Trump Bucks is a new subject of spam letters you can find in your email inbox. They contain a dubious offer to purchase the collectible $5000 bills with Donald J. Trump picture on its face. Despite being seemingly harmless, it practises questionable methods of promotion. Aside from that, I managed to spot some other suspicious things. Let’s have a more detailed look upon that, and figure out if purchasing Trump Bucks is safe.
What is Trump Bucks?
Trump Bucks is quite an ordinary example of souvenir money. This, actually, contains the picture of the 45th President of the United States – Donald Trump. The exact bill has a goldish or whitish colour and is made of plastic, contrary to regular dollars. Denomination of those bills is $5000 or $10000. What is peculiar about these bills is that different nominals are sold by different organisations, and they never refer to each other.
The site assures that these bills will be cool collectible items for those who want to claim their support for Donald Trump. Additional functions are “annoying liberals” and “possibly high value in future”. It is not clear how fake plastic bills can act as a store of value. It is also strange to use them as a way to claim your political views – folks rarely peek into someone’s wallet. Still, it is possibly normal as a bauble.
What is Trump Bucks Email Spam
As I have mentioned at the beginning, the main way the Trump Bucks are promoted are through email messages. These emails contain the offer to purchase the collectibles at a huge discount. Overall, the text of promotion letters looks typical for the classic email spam. Substitute “Trump Bucks” with the other thing that uses spam for promotion and you’re good to go.
The letter body contains the following rows:
From: Roxanne Bloodsworth
Subject: Get Your $5000 Trump Bucks Today!
Now's your chance to own these fun imitation $5000 collectible Trump Bucks.
These are a great way to show your support for Trump.
Supplies are Limited so Order Today!
Save Up to 80% OFF Today and Get FREE Shipping!
Have a nice day,
Usage of a short link, lots of capital letters, and promises for an 80% discount – that should alarm you. None of the companies that apply conventional advertising through emails will use such text. No one will send these messages in a random manner on such a huge scale either. Over the last week, we gathered information about over a thousand users who got such emails. And there are other examples – with different texts and promises. But is Trump Bucks purchase offer dangerous or a scam?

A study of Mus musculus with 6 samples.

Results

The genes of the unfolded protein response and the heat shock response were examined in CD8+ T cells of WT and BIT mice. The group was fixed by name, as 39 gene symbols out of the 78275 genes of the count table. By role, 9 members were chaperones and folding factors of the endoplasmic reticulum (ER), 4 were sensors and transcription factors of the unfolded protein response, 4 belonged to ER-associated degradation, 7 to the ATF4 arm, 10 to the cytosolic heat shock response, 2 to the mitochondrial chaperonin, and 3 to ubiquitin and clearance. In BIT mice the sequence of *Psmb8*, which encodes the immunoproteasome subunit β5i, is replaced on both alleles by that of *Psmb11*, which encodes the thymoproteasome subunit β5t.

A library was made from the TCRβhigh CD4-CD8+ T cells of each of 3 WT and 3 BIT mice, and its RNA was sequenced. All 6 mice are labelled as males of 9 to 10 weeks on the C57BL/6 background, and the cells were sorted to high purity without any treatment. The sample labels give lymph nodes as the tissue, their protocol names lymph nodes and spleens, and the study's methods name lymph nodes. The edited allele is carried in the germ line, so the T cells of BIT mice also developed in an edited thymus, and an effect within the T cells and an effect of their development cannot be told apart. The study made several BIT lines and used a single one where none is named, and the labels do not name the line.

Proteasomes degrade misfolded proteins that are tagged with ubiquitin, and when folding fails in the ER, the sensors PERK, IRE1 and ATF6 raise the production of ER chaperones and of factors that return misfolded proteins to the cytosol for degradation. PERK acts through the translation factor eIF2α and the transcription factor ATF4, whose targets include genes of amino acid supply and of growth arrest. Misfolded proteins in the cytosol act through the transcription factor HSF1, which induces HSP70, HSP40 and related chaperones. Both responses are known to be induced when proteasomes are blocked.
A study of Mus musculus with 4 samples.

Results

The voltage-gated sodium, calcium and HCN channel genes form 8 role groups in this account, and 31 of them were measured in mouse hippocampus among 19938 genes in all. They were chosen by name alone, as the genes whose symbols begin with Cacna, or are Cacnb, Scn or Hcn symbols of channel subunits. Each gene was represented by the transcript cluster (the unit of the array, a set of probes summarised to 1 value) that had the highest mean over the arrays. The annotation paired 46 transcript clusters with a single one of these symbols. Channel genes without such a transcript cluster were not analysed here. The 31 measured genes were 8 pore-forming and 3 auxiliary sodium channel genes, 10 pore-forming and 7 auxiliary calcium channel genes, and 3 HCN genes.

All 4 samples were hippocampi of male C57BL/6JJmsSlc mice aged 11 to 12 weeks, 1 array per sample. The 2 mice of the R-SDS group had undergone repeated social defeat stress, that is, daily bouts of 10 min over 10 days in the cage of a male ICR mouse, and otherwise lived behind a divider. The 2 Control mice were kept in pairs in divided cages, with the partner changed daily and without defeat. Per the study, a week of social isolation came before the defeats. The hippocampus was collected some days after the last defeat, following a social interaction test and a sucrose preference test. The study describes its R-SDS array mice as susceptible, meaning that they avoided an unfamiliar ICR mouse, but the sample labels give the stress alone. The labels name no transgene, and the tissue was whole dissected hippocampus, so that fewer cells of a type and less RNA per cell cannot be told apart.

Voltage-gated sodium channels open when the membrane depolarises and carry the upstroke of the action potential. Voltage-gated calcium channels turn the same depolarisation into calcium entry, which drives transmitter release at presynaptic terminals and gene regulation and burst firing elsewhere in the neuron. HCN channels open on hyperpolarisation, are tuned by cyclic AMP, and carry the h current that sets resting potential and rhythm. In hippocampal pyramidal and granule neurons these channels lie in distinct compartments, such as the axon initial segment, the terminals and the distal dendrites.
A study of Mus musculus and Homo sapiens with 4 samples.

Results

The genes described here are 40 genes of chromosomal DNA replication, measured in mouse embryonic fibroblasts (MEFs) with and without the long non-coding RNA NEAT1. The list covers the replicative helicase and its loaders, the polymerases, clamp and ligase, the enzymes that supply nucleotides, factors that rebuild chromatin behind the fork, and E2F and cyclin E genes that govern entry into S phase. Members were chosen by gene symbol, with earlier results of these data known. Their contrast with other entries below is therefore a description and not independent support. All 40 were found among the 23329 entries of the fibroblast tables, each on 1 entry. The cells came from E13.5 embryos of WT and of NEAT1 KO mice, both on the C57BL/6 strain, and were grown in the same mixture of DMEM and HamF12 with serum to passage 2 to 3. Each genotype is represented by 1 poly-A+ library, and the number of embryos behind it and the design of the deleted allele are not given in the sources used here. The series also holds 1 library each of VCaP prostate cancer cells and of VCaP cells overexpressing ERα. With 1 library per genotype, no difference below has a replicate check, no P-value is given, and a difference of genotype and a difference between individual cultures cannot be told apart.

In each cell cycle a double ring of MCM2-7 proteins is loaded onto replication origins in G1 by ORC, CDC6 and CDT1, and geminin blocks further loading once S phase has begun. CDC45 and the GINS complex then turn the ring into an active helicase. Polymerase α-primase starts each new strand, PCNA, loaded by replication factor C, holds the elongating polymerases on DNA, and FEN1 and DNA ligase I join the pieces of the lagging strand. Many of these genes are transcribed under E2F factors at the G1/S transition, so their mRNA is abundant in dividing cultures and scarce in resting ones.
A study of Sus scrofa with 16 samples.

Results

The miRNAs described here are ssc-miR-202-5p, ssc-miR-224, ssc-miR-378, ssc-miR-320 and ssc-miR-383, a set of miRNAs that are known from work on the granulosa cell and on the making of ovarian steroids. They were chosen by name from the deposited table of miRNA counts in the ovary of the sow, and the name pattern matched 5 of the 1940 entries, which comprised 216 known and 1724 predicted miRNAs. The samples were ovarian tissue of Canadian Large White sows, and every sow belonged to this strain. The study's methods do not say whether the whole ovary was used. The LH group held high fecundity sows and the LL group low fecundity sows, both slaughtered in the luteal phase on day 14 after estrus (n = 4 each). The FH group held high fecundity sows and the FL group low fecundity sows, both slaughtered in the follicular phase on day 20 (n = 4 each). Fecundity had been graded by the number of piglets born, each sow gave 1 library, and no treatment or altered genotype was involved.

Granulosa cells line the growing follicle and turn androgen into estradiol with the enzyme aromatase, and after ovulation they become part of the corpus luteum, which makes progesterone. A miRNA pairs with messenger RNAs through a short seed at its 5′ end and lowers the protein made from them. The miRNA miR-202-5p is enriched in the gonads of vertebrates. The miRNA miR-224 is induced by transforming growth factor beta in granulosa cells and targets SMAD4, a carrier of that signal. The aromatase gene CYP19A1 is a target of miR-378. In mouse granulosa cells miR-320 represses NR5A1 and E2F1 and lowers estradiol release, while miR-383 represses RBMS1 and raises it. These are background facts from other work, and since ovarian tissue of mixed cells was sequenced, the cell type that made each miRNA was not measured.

Are Trump Bucks emails a scam?
To find an answer to that question, I reviewed the website that the email refers to. It is a typical landing page, which contains only a sales offer – 4 different options, actually. They differ by the amount of Trump Bucks. The more you order – the less will be the cost for a single bill. The page also specifies a basic cost – $24.99 for each, and the most expensive cost per unit within the “discount” is $8.99. Isn’t it the peak of generosity to offer almost a triple-fold discount for the smallest order size? Or the bauble costs so cheap that even $4.99 (the lowest price, with an order size of 100 items) provides an enormous margin for crooks?
The only possible interaction upon the site is ordering Trump Bucks. The information about the seller is questionable, and customer reviews are not very informative. The phone number offered as a “customer support contact” belongs to Patriot Publications. This company works in digital publications and e-commerce – which has nothing to do with Trump Bucks. Neither Patriot Publications nor sites with Trump Bucks say a word about each other.
But there’s probably a tiny silver lining in these muddy waters. The payment page actually looks trustworthy – it is a genuine Clickbank invoice page. As in any other online shopping procedure, you type your bank card info, delivery address, and other details that are needed for delivery. At this point, I can consider that this organisation – whatever it is – does not aim for the exact scamming. Instead, it has another phoney element that makes me believe that Trump Bucks sell-off is not a trustworthy thing.
Is the Trump Bucks sale dangerous?
A deeper analysis of the website that hides beneath the short link shows a strange tracking script. It seems that it gathers information about the user activity on the website. The information it grabs is not something that violates your privacy, but there are no cookie warnings that became typical for websites over the last decade. Another funny thing is the “Today Only” signs across the entire page. It was “Today Only” on Thursday, December 8, and remains “Today Only” on December 10. Overall, the page looks as a classic landing for advertising with malware, particularly adware or malicious plugins.
Still, scripts and other stuff are miserable compared to the monetary question. Each thing has its price, and this price is how much average folks willing pay for it. The problem is that people usually overestimate the price of such trinkets as Trump Bucks. $25 for a piece, or $8 with the “discount” applied is too much for a thin layer of plastic, despite its golden colour and Trump portrait. The fact that sellers can decrease the initial price down to $5 clearly says that the real value of Trump Bucks is even lower. For sure, you are free to spend your money to purchase whatever you want. But I just want to warn you that its price is inflated at least tenfold.